November 19, 2008|Lance Pugmire | staff and wire reports

Dustin Pedroia of the Boston Red Sox won the American League most valuable player award Tuesday, becoming the first second baseman to earn the honor in nearly half a century.

Pedroia easily beat out Minnesota Twins slugger Justin Morneau and added to his ever-expanding trophy case. Generously listed at 5 feet 9, the Red Sox star was the top AL rookie last year while winning a World Series ring.

"I'm not the biggest guy in the world. I don't have that many tools," Pedroia said on a conference call from his home in Arizona. "If you saw me walking down the street, you wouldn't think I'm a baseball player."

Nellie Fox was the previous second baseman to become AL MVP, in 1959 with the White Sox. No position has produced fewer MVPs -- just 10 overall since the AL and NL awards were first presented in 1931.

Pedroia led the league in hits, runs and doubles in helping the Red Sox win the AL wild-card berth. He batted .326 with 17 home runs and 83 runs batted in and also stole 20 bases. Earlier this month, he won his first Gold Glove.

Pedroia drew 16 of the 28 first-place votes cast by members of the Baseball Writers' Assn. of America and finished with 317 points.

Morneau got seven first-place votes and had 257 points, and Boston's Kevin Youkilis and Twins catcher Joe Mauer each got a pair of first-place votes. Angels closer Francisco Rodriguez drew the other first-place vote and came in sixth.


The Seattle Mariners picked Don Wakamatsu as their new manager, giving the job to the Oakland Athletics bench coach and filling the only opening in the majors, according to several reports. The 45-year-old Wakamatsu has never managed in the big leagues.


Pitcher Ryan Dempster and the Chicago Cubs agreed on a $52-million, four-year contract that includes a player option for 2012. Dempster, converted from a closer to a starter, was 17-6 with a 2.96 earned-run average for the Cubs last season.


St. Louis Cardinals first baseman Albert Pujols added his name to a group working to bring a new Major League Soccer team to St. Louis. The announcement came a day after Pujols won his second National League MVP award. Pujols' reputation, plus a significant financial investment that was not disclosed, is expected to boost St. Louis Soccer United's chances of winning a franchise in 2011.


Armstrong has fears of attack on Tour

Cyclist Lance Armstrong fears he could be attacked by spectators if he returns to the Tour de France next year. The seven-time Tour champion, who is making a comeback after three years in retirement, said in an interview in the Guardian in London that he is concerned about his safety.

"I don't want to enter an unsafe situation but you see this stuff coming out of France," he said. "There are some aggressive, angry emotions. If you believe what you read, my personal safety could be in jeopardy."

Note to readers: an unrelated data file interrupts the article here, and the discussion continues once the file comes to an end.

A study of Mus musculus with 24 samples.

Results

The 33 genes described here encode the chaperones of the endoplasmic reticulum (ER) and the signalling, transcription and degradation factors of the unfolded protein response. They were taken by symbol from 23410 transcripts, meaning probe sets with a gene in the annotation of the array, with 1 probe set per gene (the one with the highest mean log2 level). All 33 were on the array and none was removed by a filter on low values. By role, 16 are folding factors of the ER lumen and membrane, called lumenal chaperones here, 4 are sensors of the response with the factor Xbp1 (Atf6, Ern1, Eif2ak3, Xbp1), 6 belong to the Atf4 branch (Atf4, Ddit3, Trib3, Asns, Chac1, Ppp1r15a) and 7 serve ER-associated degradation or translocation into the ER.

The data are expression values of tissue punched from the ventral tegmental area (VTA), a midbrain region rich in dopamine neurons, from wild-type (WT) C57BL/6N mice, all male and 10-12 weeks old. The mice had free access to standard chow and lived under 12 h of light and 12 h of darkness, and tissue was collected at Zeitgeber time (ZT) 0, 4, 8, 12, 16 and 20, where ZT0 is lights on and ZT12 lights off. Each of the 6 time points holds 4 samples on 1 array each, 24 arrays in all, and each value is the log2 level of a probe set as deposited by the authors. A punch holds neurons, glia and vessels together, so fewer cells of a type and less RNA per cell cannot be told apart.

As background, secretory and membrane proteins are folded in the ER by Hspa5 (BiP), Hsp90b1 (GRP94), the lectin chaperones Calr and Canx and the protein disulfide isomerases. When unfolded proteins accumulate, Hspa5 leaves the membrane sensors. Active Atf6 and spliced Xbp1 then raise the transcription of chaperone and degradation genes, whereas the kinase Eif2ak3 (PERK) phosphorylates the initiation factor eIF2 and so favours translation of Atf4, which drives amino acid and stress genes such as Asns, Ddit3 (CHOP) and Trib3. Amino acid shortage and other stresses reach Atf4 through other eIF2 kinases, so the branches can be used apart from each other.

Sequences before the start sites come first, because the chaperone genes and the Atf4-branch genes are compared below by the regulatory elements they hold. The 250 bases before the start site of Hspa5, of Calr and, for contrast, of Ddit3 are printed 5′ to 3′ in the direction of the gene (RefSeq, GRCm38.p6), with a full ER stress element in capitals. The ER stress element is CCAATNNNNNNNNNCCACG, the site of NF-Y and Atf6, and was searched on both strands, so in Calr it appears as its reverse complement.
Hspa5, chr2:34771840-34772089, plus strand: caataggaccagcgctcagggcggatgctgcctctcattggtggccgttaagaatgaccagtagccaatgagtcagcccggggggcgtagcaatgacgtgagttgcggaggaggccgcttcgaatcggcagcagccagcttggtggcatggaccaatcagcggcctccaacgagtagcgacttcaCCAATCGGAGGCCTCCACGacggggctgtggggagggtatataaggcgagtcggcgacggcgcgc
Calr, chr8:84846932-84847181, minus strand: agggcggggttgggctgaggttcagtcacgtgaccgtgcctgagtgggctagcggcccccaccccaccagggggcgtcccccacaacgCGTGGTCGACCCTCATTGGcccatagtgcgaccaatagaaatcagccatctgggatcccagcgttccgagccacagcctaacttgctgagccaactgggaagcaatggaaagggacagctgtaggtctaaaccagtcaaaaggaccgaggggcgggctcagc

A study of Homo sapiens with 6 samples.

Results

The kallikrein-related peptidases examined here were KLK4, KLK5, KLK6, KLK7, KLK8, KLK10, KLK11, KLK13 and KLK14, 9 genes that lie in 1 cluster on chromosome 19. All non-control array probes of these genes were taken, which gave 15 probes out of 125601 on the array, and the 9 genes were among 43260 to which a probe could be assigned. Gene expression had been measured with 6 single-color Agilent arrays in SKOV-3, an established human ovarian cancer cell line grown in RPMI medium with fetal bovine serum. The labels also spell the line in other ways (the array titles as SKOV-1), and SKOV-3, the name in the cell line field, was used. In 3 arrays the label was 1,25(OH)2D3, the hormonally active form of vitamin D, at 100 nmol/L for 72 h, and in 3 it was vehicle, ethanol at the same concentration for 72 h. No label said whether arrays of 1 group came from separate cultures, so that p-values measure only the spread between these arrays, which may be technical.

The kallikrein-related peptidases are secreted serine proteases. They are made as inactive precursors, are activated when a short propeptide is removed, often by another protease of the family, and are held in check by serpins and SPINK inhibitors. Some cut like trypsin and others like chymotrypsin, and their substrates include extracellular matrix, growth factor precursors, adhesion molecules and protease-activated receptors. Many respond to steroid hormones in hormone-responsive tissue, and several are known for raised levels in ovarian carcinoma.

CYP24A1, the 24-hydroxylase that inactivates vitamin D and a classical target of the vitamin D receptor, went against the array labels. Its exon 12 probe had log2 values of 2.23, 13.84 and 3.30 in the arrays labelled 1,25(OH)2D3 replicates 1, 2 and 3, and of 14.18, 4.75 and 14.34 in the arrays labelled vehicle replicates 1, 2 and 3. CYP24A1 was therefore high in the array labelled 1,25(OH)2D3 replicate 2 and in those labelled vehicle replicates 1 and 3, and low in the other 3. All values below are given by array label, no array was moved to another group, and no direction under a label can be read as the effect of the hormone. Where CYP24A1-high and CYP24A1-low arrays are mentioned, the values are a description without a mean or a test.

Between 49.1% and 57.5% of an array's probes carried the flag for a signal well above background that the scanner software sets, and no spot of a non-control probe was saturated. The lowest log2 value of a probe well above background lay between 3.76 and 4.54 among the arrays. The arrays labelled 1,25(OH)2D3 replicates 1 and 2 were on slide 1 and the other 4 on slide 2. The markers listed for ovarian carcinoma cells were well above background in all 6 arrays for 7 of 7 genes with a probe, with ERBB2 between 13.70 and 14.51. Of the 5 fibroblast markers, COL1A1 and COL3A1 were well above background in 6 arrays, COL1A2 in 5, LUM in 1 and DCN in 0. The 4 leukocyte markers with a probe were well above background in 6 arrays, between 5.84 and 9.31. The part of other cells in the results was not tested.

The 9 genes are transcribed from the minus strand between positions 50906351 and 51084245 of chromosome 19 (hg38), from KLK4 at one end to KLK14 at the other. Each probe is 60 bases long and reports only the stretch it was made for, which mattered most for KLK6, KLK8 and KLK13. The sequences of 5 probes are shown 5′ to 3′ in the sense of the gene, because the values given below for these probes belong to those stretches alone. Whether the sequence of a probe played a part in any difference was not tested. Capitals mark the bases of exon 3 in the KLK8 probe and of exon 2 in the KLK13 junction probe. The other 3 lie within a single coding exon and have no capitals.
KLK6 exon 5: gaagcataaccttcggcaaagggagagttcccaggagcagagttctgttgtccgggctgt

Texas lines up successor to Brown

Texas defensive coordinator Will Muschamp has been designated as the head-coach-in-waiting by the university, expected to take over the Longhorns when Mack Brown retires.

Muschamp is in his first year with Texas, but Athletic Director DeLoss Dodds said he and Brown know they want to keep him at Texas. To do that, they will more than double his salary from $425,000 to $900,000 in January. He will remain defensive coordinator.

Dodds said he wants the 57-year-old Brown to coach for a long time but said he wanted to line up Muschamp, 37, now to avoid the "trauma" of a coaching search when the day comes that Brown steps down.


Cleveland Browns tight end Kellen Winslow will have an MRI exam on his right shoulder after injuring it in the closing minutes of Monday night's win over the Buffalo Bills.


Ballesteros released from intensive care

Golf great Seve Ballesteros was released from intensive care following brain surgery on a malignant tumor. The 51-year-old Spaniard will remain in the hospital to continue rehabilitation following three operations in 18 days. --

The California State Athletic Commission accepted the resignation of executive officer Armando Garcia, naming Dean Lohuis and William Douglas as interim replacements. The reason behind the resignation was not revealed at the meeting, and Garcia, Lohuis and Douglas failed to return telephone and e-mail messages left by The Times.

-- Lance Pugmire


Chelsea striker Didier Drogba was suspended for three matches for hurling a coin back into the crowd during a League Cup game against Burnley. The incident happened in last Wednesday's game after Drogba had scored at Stamford Bridge and was celebrating the goal close to the visiting fans. Some of the Burnley followers threw coins at the Ivory Coast striker and Drogba picked one up and threw it back. . . . The LPGA tour will not be visiting Tulsa, Okla., in 2009 for the first time in eight years after it was unable to find a replacement for bankrupt title sponsor SemGroup.